Expat wine lovers have a choice of retirement hubs

Published:  4 Sep at 6 PM
For would-be retired expats who love their wine, there’s a great choice of destinations.

For many expats, their chosen retirement lifestyle has to include affordable wines to accompany the new tastes of their chosen haven. Luckily, there are many wine-growing regions in or close by favourite expatriate retirement hubs, with the best news being wine is far less expensive than in the home country. Choosing a new country in which to live the rest of your life simply because its wines are affordable may sound crazy, but for many it’s simply perfect.

Everyone knows Bordeaux is a paradise for lovers of the great French wines, but equally desirable are the products of smaller, less well-known cellars. In the adjacent wine region of Medoc, the wines are celebrated by an annual marathon, with participants dressing in crazy costumes and running a full 26.2 winding miles through endless vineyards, stopping to refresh themselves with local vintages and delicious steaks, oysters and ice cream along the way. Even if you’re just too old to do the run, it’s a day like no other.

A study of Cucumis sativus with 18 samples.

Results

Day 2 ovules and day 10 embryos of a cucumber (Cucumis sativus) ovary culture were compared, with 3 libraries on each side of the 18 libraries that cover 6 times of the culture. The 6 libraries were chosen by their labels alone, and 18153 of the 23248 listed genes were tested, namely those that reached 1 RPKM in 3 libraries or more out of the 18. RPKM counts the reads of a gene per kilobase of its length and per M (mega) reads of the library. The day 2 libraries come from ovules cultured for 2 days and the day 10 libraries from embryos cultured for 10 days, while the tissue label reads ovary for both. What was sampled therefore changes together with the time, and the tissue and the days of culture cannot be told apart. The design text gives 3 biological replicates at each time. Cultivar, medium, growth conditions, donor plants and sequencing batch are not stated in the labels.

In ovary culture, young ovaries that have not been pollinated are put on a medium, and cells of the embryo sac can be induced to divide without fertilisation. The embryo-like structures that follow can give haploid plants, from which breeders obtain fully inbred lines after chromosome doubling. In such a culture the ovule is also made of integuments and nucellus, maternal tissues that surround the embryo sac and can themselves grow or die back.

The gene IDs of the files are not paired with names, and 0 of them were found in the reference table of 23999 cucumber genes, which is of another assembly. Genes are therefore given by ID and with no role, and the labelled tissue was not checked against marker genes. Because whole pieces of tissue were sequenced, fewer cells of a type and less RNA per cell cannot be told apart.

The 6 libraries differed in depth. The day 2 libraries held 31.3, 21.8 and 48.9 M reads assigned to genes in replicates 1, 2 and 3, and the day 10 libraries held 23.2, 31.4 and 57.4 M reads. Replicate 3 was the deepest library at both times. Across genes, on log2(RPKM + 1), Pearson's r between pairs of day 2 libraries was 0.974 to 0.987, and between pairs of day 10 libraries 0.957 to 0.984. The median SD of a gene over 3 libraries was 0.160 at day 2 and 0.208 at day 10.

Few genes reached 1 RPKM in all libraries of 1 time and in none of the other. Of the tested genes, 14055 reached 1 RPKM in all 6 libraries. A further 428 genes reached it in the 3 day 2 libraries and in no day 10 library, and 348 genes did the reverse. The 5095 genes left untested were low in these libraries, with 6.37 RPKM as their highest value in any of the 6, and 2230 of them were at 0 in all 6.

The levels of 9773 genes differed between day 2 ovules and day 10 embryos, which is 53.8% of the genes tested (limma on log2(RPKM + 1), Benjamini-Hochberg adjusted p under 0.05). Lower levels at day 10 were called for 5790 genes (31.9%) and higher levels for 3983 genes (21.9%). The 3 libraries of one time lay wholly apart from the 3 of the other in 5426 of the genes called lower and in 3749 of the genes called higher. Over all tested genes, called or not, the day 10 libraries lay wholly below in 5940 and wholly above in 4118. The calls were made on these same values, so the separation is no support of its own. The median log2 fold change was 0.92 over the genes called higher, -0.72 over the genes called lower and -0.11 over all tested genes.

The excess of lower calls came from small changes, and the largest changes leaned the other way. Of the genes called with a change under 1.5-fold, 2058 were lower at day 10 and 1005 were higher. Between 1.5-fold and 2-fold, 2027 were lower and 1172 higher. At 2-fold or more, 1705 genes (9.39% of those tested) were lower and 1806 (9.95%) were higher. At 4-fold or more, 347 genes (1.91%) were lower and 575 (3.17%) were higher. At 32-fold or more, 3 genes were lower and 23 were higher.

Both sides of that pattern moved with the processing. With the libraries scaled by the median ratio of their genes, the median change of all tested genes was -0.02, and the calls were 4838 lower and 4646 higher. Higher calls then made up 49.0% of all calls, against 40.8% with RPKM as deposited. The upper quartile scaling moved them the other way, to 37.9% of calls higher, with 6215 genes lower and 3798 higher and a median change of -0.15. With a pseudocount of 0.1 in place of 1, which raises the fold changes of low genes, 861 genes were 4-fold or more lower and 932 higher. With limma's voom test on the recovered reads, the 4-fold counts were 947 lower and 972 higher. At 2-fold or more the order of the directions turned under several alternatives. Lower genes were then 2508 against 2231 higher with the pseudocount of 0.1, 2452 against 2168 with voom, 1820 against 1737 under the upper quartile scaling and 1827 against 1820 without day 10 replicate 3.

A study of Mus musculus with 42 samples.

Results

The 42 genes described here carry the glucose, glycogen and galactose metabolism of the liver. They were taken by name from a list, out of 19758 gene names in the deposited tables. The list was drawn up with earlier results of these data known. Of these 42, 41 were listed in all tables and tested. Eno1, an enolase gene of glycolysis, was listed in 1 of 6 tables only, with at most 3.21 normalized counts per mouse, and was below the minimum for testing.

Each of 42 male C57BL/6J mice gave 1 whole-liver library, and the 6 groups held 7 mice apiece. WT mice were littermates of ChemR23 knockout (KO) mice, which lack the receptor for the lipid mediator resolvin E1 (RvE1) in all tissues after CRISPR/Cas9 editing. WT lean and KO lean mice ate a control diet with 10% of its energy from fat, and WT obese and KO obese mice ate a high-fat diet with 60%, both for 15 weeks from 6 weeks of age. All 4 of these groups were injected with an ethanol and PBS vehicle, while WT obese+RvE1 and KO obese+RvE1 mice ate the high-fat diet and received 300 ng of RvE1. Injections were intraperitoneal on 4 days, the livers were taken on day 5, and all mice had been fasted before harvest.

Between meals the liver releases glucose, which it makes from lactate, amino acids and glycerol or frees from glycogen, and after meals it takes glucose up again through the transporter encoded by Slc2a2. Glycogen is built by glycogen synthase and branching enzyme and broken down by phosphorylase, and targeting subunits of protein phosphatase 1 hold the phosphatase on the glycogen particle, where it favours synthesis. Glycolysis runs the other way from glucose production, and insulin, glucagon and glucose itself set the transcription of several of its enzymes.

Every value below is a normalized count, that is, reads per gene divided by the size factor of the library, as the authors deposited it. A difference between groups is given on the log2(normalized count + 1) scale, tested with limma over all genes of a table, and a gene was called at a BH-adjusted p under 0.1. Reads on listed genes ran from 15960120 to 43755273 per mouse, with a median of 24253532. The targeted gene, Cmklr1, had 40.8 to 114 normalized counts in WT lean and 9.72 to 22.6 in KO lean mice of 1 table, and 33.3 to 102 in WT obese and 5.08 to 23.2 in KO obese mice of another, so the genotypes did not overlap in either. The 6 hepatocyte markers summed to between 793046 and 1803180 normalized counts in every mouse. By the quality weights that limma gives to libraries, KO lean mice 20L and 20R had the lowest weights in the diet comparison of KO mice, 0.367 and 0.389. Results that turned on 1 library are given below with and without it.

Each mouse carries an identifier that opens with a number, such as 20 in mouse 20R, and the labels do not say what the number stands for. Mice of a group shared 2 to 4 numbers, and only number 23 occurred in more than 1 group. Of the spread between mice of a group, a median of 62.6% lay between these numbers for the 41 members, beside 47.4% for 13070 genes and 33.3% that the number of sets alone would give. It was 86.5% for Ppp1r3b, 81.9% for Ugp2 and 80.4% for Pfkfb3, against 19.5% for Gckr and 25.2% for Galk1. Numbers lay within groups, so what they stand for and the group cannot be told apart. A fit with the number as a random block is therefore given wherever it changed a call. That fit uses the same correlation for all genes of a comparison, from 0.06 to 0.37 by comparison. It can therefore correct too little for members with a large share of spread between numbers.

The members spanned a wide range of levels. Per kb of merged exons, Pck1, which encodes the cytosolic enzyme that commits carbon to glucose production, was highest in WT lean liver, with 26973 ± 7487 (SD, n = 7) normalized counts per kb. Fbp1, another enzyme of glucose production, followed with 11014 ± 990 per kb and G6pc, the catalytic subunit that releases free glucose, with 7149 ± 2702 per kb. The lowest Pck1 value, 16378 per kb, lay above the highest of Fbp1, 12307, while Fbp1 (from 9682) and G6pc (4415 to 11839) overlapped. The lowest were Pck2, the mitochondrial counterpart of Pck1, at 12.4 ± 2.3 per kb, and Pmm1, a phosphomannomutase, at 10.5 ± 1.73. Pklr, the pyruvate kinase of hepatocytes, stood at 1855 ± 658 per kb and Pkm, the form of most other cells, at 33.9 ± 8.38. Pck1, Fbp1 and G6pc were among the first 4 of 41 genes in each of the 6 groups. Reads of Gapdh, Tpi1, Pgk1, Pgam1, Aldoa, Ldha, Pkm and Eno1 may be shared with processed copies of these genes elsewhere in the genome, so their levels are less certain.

If Uruguay is your chosen retirement destination, it’ll be somewhat of a surprise to find delicious, full bodied local wines as a result of the region’s climate and geography. Taken with the country’s tranquil lifestyle and its resemblance to France’s Bordeaux region, settling down either in the countryside or in Montevideo includes a culinary adventure along with very inexpensive wines. Wine-lovers might also consider Spain’s La Rioja region, known for its mostly red wines as well as its low cost of living.

Mexico is an all-time favourite for US retirees, many of whom may not have realised the country’s vintners are now getting a reputation for organic as well as traditional wines. If you’re considering Italy as a home from home, you’re on the right track as regards wine, as it’s made almost all over the country. Italians are fiercely proud of their variety of wines, with Umbria a centre for winemaking and Tuscany’s vine-covered hills known for the quality of their wines. Orvieto is great with summer meals, and Sagratino di Montefalco is now a noted vintage. Wine making in this region was begun centuries ago by Benedictine monks.